Much of the national discussion on COVID has revolved around the vaccinated versus the unvaccinated, and what that distinction means for rates of infection, hospitalization, and death. But there is a third group, made up of those who follow the rules, but still face a threat: the immunocompromised.
I am one of them, and I faced some important decisions last spring when I learned that the new COVID-19 vaccines did not work for more than half of organ transplant recipients such as myself. The problem is that the medications we take to avert organ rejection can also suppress our antibody-producing cells.
Sure enough, testing showed that my first and second vaccine doses produced no detectable antibodies. I got boosted anyway given the chance that the vaccine might strengthen T-cell mediated immunity, another component of the immune system.
Despite my vulnerability, I decided to live as normally as possible. Not that I was reckless. I wore a mask indoors, observed the same maniacal hand hygiene I have followed since my first kidney transplant in 2006, and socialized only with people who were vaccinated.
I understood, however, why others in my situation chose to stay closer to home. Being immunocompromised not only makes one more vulnerable to infection with SARS-CoV-2, but also more likely to develop severe symptoms if infected.
Nonetheless, on a recent Sunday, my birthday, I took Amtrak from my home in Washington, D.C, to New York City for a small celebration … and I got COVID. By Tuesday afternoon my throat was on fire; I felt as if I were gagging on a molten lump. The first home test was negative, but two days later, Friday, it was positive.
I emailed my doctor at 9 a.m. and, after a few phone calls with a treatment coordinator, I was racing up I-95 to a clinic in a Baltimore suburb to get a 30-minute intravenous infusion of a precious treatment called sotrovimab, the only monoclonal with an excellent track record against the Omicron variant.
The FDA issued an emergency use authorization for the drug last May expressly for the 7 million Americans whose immune systems are impaired, either by cancer or other disease or by the drugs they take, and who are “are at high risk for progression to severe COVID-19, including hospitalization or death.”
Within a day, the inferno in my pharynx subsided. Nine days after exposure (five days after the infusion), I tested negative. Because sotrovimab is likely to prevent reinfection (which is not uncommon for Omicron) for three to six months, I have some real security for a while.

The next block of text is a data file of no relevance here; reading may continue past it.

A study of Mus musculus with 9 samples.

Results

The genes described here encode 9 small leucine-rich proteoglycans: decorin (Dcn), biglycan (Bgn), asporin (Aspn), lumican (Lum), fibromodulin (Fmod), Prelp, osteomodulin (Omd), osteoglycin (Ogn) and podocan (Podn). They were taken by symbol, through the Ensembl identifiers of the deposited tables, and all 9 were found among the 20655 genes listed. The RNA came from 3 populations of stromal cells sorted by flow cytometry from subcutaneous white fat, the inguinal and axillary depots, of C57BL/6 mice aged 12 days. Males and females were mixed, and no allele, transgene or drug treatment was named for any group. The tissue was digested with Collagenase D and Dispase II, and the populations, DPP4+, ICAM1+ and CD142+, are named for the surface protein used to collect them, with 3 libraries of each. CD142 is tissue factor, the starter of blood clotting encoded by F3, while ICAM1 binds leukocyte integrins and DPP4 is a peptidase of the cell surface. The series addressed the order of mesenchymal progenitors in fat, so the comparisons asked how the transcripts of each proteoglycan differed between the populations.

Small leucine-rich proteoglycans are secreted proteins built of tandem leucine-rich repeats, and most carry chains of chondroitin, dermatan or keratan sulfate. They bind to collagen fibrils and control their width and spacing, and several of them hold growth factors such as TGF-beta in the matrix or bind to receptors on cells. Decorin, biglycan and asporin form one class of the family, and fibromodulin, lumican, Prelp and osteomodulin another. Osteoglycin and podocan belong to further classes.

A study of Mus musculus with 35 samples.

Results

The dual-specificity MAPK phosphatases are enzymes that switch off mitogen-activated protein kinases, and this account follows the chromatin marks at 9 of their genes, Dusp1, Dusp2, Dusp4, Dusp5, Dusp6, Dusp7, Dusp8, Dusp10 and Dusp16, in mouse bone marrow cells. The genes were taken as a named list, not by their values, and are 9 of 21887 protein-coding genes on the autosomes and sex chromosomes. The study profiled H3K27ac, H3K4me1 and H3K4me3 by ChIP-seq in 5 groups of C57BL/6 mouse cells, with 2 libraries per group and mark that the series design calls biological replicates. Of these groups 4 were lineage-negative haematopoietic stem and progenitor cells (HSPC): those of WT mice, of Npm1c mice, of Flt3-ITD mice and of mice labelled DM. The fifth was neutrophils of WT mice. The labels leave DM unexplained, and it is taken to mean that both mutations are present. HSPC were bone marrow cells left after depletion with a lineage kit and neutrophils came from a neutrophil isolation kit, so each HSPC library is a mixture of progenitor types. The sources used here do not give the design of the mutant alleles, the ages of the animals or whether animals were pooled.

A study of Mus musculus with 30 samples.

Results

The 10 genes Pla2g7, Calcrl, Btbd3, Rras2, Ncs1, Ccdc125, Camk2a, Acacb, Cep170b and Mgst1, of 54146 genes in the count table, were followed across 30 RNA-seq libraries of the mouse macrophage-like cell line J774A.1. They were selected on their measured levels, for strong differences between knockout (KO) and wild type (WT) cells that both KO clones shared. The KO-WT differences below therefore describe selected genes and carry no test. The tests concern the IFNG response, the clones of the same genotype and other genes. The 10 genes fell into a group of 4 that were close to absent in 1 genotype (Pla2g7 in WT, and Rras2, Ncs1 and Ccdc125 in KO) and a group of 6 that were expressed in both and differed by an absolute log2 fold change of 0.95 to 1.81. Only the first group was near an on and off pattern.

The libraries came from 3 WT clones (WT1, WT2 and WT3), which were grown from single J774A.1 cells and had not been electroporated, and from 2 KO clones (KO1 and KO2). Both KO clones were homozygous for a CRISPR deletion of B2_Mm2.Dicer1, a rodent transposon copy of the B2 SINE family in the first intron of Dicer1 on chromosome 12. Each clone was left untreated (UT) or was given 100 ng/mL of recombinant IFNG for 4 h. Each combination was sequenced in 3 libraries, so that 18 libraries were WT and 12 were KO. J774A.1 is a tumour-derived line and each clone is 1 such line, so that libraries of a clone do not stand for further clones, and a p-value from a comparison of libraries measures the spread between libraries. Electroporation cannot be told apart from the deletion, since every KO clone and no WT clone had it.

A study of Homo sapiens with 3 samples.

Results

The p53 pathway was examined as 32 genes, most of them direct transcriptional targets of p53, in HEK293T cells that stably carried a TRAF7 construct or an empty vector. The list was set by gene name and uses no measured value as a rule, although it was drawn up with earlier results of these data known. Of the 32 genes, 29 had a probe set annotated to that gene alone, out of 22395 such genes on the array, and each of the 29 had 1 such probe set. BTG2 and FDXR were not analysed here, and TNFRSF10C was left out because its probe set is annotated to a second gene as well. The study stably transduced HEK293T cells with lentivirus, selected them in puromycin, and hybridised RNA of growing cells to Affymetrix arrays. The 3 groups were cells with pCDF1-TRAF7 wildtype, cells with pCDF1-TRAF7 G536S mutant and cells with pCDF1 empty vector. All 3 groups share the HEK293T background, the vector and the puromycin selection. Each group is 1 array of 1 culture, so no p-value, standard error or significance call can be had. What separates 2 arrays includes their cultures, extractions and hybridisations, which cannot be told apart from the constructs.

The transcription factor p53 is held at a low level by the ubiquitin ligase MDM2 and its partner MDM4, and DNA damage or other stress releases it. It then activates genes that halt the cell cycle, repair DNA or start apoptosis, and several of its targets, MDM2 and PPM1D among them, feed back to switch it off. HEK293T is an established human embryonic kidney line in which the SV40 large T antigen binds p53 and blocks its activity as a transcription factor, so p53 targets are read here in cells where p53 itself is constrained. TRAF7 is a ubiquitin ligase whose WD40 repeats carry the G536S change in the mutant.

Unfortunately, the resounding medical success that I enjoyed is pretty rare. Profound sotrovimab shortages exist; some medical centers have no supply at all and others dole out the meager allotment the state sends them. Nor does the new anti-viral pill Paxlovid, which is also in short supply, work for immunocompromised people—it interacts dangerously with our anti-rejection drugs.
Prevention is the best solution for immunocompromised people. And now this comes in the form of Evusheld, authorized for emergency use by the FDA early in December. Evusheld takes the place of a vaccine for those who don’t mount adequate immune response to COVID-19 vaccination or, for some reason, cannot tolerate it. It is emphatically not intended for otherwise healthy people who refuse vaccination.
A “cocktail” of two antibodies, tixagevimab and cilgavimab, Evusheld is delivered as two consecutive jabs and confers protection from infection for up to six months.
But Evusheld, too, is scarce. The University of Pittsburgh Medical Center, for example, is allocating the drug through a lottery until it gets enough to treat all eligible patients, which hospital officials believe is a long way off.
As transplant recipients, we are no strangers to scarcity. Many of us waited years for a new kidney, liver, heart, or lungs. Some, like me, were blessed with friends or family who could donate their kidney or part of their liver, but most endured agonized waiting for an organ that might never arrive in time.
Thankfully, COVID therapies are not like organs, which must be given as gifts. We can buy more. According to GlaxoSmithKline and Vir, makers of sotrovimab, “the US government will have the option to purchase additional doses through March 2022.” Evusheld is available, too. “The US government could purchase more doses if they wanted to,” said an Astra-Zeneca spokesperson. “We already hold inventory of finished product that exceeds near-term forecast demand.”
Unfortunately, the government contracted for only 1.2 million doses, a fraction of what will be needed to protect the millions of immune-compromised people in the country, especially as many of them will require treatment every six months. (Dosages can’t be sold independently to private entities because they are authorized only for emergency use.)
The government has fulfilled its promise to make vaccines available to everyone whose bodies can make good use of them. But now it must also cover everyone who cannot benefit from the vaccines.
As for me, I’ll be more cautious in the future. I am chastened by the thought of how easily I could have missed out on a priceless treatment—and anguished by the thought of those who will.
Sally Satel is a senior fellow at the American Enterprise Institute and a visiting professor of psychiatry at Columbia University’s Vagelos School of Physicians and Surgeons.